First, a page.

The IAR 80 had Gnome-Rhône 14K engine that was capable of propelling it at speeds of up to 510 kilometers per hour. Its armament consisted of four FN Browning Machine guns mounted in the wings.
The total length of the IAR 80 was around 9.22 meters with a total weight of 1,617 kilograms unloaded. Its operational range was around 1,150 kilometers with a service ceiling of 9,500 meters. The aircraft itself was reliable at first but had its quality suffer following restrictions on German supplies and as the war progressed. The IAR was most notable however for its extreme maneuverability which greatly aided it in combat.
The first variant of the IAR 80 series was the IAR 80A which had a new complement of six machine guns and increased armor for the cockpit area. Furthermore, a new gunsight was added for improved accuracy. The next variant was the IAR 80B which had German imported 13.2mm machine guns mounted in the wings and lengthened wings. The IAR 80B could also mounted a single 225 kilogram bomb underneath the fuselage.
Following it would be the IAR 80C which had mounted two MG 151 Autocannons for much improved fire power, though the 13.2mm machine guns were replaced by the original 7.62mm machine guns. The next variant was the IAR 81 (thought postwar, the IAR 80D was created as a trainer).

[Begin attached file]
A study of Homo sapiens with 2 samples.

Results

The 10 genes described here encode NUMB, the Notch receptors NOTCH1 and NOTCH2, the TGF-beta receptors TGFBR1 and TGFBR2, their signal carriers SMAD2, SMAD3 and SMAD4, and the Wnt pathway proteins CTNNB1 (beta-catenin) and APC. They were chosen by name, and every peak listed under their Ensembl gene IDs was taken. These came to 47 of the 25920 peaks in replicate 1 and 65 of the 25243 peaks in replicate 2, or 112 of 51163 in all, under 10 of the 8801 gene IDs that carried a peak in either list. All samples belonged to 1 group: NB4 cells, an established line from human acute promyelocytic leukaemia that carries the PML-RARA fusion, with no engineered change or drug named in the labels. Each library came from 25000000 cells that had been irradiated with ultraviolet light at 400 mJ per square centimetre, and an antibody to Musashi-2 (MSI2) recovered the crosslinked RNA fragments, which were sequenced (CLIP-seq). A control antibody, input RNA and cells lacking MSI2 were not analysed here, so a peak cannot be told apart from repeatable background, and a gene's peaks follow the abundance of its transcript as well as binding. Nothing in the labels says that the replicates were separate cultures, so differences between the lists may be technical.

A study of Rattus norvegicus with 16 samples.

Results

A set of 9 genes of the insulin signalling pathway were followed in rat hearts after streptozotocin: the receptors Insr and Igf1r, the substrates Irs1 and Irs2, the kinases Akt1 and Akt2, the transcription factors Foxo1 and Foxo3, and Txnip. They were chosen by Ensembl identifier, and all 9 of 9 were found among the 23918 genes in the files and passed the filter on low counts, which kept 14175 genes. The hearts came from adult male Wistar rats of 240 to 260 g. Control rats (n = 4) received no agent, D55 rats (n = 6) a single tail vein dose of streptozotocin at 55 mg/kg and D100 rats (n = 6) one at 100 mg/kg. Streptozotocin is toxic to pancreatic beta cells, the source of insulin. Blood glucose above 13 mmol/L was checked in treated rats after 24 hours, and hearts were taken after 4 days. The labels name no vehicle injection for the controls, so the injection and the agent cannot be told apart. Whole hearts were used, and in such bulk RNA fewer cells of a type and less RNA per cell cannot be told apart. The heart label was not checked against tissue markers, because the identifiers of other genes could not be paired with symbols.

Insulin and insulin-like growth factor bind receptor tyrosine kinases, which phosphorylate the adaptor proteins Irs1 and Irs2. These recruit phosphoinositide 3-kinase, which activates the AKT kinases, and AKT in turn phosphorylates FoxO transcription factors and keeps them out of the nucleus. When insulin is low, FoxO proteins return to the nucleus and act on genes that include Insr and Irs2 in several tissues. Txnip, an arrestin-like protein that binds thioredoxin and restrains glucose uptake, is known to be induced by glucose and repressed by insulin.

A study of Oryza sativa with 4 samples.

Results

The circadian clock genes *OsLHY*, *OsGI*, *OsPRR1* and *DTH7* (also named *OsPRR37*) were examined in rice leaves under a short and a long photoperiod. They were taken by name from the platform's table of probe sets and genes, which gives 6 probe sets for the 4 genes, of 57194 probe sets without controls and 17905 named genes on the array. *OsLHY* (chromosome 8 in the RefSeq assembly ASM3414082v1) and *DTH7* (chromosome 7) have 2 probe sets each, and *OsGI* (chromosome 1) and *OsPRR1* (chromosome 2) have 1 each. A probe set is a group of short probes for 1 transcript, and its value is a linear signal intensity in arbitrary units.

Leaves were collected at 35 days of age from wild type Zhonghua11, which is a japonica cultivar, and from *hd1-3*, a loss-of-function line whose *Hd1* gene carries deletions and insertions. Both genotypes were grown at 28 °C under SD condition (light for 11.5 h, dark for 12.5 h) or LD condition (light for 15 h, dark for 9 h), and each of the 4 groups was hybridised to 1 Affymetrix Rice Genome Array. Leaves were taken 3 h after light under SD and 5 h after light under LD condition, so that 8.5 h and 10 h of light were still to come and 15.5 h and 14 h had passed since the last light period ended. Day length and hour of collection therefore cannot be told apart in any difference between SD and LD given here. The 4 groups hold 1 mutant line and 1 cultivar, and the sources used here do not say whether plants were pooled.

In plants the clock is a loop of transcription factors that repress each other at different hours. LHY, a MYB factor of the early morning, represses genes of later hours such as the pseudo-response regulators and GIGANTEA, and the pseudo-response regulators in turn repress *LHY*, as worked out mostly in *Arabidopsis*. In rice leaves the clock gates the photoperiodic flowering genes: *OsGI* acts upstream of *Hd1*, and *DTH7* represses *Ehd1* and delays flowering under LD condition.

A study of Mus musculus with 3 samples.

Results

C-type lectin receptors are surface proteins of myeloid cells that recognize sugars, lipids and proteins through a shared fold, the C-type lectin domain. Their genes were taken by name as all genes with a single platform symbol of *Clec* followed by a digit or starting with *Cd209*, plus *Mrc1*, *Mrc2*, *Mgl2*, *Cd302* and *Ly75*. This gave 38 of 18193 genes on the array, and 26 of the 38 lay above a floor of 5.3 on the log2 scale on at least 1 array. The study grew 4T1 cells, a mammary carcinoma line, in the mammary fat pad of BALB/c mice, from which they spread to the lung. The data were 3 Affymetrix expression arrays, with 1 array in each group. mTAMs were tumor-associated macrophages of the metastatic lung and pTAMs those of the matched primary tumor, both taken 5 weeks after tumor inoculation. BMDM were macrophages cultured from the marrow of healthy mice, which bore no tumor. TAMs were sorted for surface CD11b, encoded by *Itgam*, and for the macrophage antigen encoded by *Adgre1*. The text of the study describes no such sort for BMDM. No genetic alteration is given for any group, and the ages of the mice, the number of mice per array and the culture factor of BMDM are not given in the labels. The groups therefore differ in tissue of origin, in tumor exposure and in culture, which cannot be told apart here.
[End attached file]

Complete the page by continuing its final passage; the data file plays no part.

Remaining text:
The IAR 81 was notable for converting the platform to a fighter bomber type. Since the IAR 81 was produced more or less alongside the IAR 80, it also followed more or less the same improvements. For example, the IAR 81A had the 13.2mm machine guns added while the IAR 81B had the 20mm autocannons added, though it had self-sealing fuel tanks and more armor to accommodate for the ground attack role. Furthermore, the IAR 81B sported two MG FF cannons rather than the MG 151 types. It wasn't until the IAR 81C that the MG 151s were added to the type.
The IAR 80 was developed in 1937-1938 following the Romanian government's request for a new fighter platform to support its air force. The government funded IAR answered by taking pieces from the earlier Polish fighters then in service and incorporating them into the IAR 80. The aircraft was well-received, being an excellent design and competing with the likes of Messerschmitt or Hawker. However, German controls on industry meant that the IAR 80 could not reach full production. Although it did eventually see service, its production was generally slow, with few being made to replace any losses. It served well in the early days of the war and even up to 1943, but by that time, it was showing age. By 1944, it was hopelessly outclassed by newer Soviet designs. In total, around 346 examples were produced by the time Romania surrendered.